An Indian-American doctor was found dead in a car in Michigan, United States.Thirty-two-year-old Ramesh Kumar was shot dead in the passenger seat of the car parked in a rest area 90 miles of Detroit. While the police are investigating the case, the shooters remain unknown. Kumar’s family members have stated that they do not suspect anyone and have shirked the possibility of the shooting being a hate crime.
“We do not know (the reason for his murder). They (the police) are yet to find out,” his father Narendra Kumar, a former president of the influential American Association of Physicians of Indian Origin (AAPI), told PTI.
“We do not suspect anything. We do not think, it was a hate crime,” he said.
Ramesh Kumar worked in the Urology Department of the Henry Ford Hospital. When he did not turn up for work the next morning, his colleague from the hospital called his father to ask his whereabouts. After repeated calls and messages to Kumar, his father went to his apartment to find no one there. He then called the police who found the dead body after hours of searching. The body was identified as Rakesh’s on Thursday.
Ramesh was a graduate from the Amrita Institute of Medical Sciences in Kochi. Police has not commented on the death yet. While this incident has not been classified as a hate crime, a surge in the same has been seen after Donald Trump took over as President of the United States. Indian techie Srinivas Kuchibotla was shot dead in February, while other attacks on Indian-Americans have been non-fatal.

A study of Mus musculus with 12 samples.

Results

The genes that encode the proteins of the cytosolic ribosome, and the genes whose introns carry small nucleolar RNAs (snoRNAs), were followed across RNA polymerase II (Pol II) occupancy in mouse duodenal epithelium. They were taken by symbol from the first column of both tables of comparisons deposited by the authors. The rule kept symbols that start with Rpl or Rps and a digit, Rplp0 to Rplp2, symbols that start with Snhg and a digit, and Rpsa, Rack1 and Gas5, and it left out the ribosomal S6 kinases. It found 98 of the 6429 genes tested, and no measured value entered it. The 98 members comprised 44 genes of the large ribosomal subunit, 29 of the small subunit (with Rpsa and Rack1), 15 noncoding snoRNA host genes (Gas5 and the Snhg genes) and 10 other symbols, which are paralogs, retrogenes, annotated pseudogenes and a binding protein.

Two others were killed in a spate of shootings over the past weekend in Detroit, according to local news. Between Saturday 9 pm and Sunday 4 am, the police reported several shootings. Some have been taken to the hospital while two others were declared dead.
Amidst continuing incidents of gun violence, last week, Republican Lee Chatfield introduced a bill which, if passed, would not require citizens to register the pistols they own. Under the current law, a person has to obtain a license to purchase, carry, possess, or transport a pistol in Michigan, local news media reported. Not only would the bill make the registration optional but it will also remove the $250 fine that accompanied possession of an unregistered pistol. According to Chatfield, this law, that is in force in only six of all the US states, is not acting as a deterrent.